Sunday, July 14, 2013

Wow. Just wow.

It's been an exciting, miraculous, exhausting and incredible weekend.  But before I tell you about it, I must warn you: the cord on my computer is broken and I am typing this on my husband's phone. So get ready for a shortened, messy blog.

On Thursday morning I got a call from my sister. Her back hurts and her stomach feels tight.  She thinks her labor has begun.  The arrangement is for me to hop in the car when she tells me she is in labor so I can be her doula. We live 4 1/2 hours apart.  I tell my husband.  'Make sure it's really labor.' 

In our family we tend to have looooong labors.  So I agreed. I did some gardening, fed the kids lunch, put the little one down for a nap, and went to the store with my daughter. I thought it might be nice to get a little time together before I took off for who knows how long.

As we get in the car, my daughter starts crying for me to put her music on. I don't have the CD she wants and even if I did, I am REALLY not in the mood. I actually HATE most children's music. It seems to me that it should be possible to sing about dinasours, mitzvahs, and wheels without high pitched voices and fake laughter.  Are they TRYING to be as annoying as possible?!

Anyway, she started doing her shrieky, whiny, crying thing. Which just made me mad. Here I was trying to have sweet Mama Daughter time and she was ruining it.  When I finally yelled at her, the crying stopped. Then she asked me to open her window. I drive a minivan. The middle windows do NOT open.  'So try mama.' 'It's not possible.' 'Yeah, but try.' 'No honey, it just can't happen.' 'But mama, you need to try. Press a button.' 'There is no button.' 'Find a button and try it.' 'THERE'S NO BUTTON! THE WINDOW DOESN'T OPEN!' 'But try.' Aaaaaaahhhhhhh!  On and on and on it went.

When we finally got to the store and I loaded the cart with frozen food my husband could easily make, without any  kitchen knowledge, we started the drive home. By this point she had taken her shoes off and thrown them down three different isles, grabbed at stuff and made me irritable beyond belief. Not because what she was doing was anything other than what a three year old does, but because I wasn't getting a chance to be the sweet, fun, caring mother I imagined myself to be.  Where was my sweet memories making moment? She was ruining this for me!

Fast forward and I am racing to NY to be with my sister.  An hour away I get a call that she is on her way to the hospital and I should meet her there.
No. Uh-uh. That wasn't the plan. That wasn't my plan. I was supposed to be the amazing sister doula who got her through a natural childbirth. And once she's in the hospital, I won't be able to do my thing.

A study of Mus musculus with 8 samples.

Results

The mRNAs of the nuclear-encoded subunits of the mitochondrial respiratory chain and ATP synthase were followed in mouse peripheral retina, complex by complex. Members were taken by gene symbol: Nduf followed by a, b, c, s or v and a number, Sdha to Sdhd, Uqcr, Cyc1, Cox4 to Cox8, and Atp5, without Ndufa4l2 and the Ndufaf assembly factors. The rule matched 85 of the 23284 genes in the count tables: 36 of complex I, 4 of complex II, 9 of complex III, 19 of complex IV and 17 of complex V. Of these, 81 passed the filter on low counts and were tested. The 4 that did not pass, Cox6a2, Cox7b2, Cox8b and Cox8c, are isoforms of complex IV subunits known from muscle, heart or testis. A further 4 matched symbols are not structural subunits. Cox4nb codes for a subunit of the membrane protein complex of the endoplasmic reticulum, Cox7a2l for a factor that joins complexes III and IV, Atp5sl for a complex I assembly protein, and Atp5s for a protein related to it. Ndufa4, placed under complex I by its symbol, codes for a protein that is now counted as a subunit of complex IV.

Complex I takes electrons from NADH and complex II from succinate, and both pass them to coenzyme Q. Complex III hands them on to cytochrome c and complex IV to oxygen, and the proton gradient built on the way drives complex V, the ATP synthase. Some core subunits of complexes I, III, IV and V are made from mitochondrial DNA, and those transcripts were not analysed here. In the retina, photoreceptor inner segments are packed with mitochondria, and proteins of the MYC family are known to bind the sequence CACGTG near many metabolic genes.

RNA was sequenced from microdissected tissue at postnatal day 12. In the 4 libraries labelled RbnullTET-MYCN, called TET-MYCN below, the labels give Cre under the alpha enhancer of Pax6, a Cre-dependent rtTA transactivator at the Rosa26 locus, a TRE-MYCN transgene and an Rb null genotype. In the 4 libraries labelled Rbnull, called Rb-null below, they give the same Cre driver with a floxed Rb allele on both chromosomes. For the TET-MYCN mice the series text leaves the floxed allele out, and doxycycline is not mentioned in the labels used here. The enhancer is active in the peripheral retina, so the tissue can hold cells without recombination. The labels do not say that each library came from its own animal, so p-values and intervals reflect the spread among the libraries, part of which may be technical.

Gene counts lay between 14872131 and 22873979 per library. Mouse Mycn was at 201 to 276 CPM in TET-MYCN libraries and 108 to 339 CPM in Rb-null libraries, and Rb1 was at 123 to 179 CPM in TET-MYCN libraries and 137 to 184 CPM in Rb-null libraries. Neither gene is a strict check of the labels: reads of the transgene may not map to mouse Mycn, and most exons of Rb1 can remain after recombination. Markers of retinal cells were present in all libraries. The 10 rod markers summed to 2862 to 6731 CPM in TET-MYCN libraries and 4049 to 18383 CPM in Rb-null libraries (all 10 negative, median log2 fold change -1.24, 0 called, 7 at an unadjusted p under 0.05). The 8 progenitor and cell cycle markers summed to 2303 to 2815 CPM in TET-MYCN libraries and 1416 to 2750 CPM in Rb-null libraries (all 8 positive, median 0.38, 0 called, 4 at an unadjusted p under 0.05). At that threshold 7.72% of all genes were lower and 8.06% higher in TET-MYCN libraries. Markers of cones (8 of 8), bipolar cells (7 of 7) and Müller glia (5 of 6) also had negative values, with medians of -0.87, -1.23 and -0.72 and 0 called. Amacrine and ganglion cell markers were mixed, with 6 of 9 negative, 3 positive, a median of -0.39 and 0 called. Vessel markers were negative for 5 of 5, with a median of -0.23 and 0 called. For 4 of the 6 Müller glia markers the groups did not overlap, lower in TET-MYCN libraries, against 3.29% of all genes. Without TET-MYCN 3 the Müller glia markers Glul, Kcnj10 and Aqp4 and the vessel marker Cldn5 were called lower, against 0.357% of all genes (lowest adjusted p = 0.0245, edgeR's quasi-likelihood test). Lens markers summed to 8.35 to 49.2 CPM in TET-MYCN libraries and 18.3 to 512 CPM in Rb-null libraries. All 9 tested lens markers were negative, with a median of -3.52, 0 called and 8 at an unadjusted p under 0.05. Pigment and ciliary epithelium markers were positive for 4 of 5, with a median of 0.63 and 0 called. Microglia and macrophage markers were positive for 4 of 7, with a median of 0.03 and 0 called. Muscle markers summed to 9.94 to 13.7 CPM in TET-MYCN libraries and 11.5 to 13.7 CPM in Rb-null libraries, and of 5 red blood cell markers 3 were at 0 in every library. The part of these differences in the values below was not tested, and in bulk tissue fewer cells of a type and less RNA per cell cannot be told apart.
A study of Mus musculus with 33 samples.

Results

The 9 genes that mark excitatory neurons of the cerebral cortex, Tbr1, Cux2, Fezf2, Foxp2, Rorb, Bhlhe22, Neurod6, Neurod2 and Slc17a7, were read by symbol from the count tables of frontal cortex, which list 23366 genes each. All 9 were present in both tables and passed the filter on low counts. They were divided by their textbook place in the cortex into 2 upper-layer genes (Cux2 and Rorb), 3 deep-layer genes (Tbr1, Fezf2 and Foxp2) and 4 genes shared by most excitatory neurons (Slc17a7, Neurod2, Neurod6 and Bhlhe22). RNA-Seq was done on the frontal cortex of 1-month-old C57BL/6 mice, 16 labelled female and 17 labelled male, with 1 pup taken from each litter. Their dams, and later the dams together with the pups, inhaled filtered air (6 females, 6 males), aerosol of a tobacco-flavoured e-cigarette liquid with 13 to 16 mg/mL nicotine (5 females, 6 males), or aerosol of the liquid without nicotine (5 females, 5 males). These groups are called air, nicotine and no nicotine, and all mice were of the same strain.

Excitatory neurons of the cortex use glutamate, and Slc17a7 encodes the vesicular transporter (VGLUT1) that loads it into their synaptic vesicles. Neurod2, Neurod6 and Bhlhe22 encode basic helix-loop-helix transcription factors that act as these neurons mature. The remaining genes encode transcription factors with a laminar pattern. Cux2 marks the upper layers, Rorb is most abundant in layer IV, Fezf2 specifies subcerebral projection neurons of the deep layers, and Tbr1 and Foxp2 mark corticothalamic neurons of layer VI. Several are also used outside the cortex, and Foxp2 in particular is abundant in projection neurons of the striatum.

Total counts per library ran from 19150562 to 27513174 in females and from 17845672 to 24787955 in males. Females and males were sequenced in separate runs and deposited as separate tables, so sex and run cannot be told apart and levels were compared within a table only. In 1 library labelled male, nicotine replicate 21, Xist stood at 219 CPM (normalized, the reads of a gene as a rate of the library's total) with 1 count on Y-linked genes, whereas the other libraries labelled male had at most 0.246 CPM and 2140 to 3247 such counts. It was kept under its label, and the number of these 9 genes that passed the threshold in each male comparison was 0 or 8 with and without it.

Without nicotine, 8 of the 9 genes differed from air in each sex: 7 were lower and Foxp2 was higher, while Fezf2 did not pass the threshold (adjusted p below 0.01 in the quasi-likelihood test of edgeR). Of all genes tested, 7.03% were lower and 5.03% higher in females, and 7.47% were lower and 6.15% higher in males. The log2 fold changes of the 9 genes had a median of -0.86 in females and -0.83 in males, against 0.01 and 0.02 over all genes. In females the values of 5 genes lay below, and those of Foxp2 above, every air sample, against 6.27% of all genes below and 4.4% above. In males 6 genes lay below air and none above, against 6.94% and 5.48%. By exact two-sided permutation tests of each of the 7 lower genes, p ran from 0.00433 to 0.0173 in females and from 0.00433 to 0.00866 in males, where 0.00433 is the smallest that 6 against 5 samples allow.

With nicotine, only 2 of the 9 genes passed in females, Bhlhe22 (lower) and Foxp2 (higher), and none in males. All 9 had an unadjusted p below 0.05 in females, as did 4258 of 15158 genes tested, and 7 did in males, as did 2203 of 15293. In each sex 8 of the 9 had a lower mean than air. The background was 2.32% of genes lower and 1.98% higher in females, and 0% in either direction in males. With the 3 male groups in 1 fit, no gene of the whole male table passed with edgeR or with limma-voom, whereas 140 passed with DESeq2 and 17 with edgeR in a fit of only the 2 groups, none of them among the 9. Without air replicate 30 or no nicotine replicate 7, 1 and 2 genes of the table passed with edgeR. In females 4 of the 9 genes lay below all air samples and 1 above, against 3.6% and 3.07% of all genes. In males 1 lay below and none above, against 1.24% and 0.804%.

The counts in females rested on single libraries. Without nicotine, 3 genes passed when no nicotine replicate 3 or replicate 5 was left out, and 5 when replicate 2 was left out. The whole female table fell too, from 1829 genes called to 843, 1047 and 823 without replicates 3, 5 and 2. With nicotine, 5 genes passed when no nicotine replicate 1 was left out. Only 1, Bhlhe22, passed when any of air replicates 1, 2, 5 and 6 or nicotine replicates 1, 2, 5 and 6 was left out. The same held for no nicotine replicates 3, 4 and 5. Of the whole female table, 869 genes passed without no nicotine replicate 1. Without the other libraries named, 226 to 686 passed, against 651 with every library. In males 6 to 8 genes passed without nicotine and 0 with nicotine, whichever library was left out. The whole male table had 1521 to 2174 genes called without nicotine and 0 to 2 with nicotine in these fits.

I knew, I knew this wasn't about me. I knew that my hopes and plans had nothing to do with my sister and her birth. But it was still so hard to let go of the beautiful picture I construed in my head of us, together, rocking, moaning, pacing, birthing.  

I won't go into the specifics of the birth, because they are not mine to share.  But I can tell you that it was SO beautiful. My sister was a warrior. She was strength, determination, and raw beauty. And I was privileged and blessed to be a part of it.  I did not have the co-star role I had imagined for myself. I did not get to prove to anyone how great I was. I was simply there witnessing greatness. It was amazing and humbling.  And in the end I enjoyed the best gift of all, which was a full Shabbos in the hospital. Just me, sister and perfect little niece. I held her. I rocked her. I changed her little meconium poops. And I loved them. 

But I didn't sleep. And I didn't have adrenalin and oxytocin coursing through me. It was not my baby. It was not my birth. I am not used to being on the sideline.  I didn't realize how much I actually enjoy being in the center. It's not the prettiest realization. Just as I saw that I was an impatient, annoyed mother in the car, rather than the sweet, loving one I envisioned, so am I not the humble, support I thought I was. 

I'm not sure exactly what it all means, except that I would like to be more aware of my vision of myself and how much it actually compares to the reality of me. Not so I can judge myself and think badly of myself, but just so I can know myself a little better. And perhaps if I have a less grandiose picture of myself, I can have more compassion and acceptance of everyone else. 

I will finish this blog because it really sucks typing on the phone and I am exhausted and want to be with my husband.  But I will end it like this:

Mazel Tov Sister!!! 

1. My niece
2. My beautiful adorable incredible baby niece!!!
3. Being invited to be a part of such an amazing experience
4. MY NIECE!!!
5. My husband for being MY support and letting me be there.


  1. I love how genuinely original you are, Tovah. I agree that Eliana is amazing, etc etc
    When I was in the same phase of child raising you are in right now I didn't even have the presence of mind to think of "Mama Daughter time". I was just focused on keeping them alive, moment to moment. Only later did I even notice how cute they were.
    More power to you that you are able to simultaneously be there, be authentic and NOTICE it all.
    Hugs from Mass.

  2. Wow. Just Wow.

  3. Your Presence whether in the middle, or on the sidelines made all the difference. The real you, is who we so love and appreciate. So whoever the perfect imaginary woman is who lives in your head, tell her that the real, messy, you is cherished.
    All my daughters are warrior women- you have earned your "black belt" my "doula" daughter. May this new little perfect being grow up in the presence of her incredible mama and aunts in good health and joy.I can think of no better role models for her.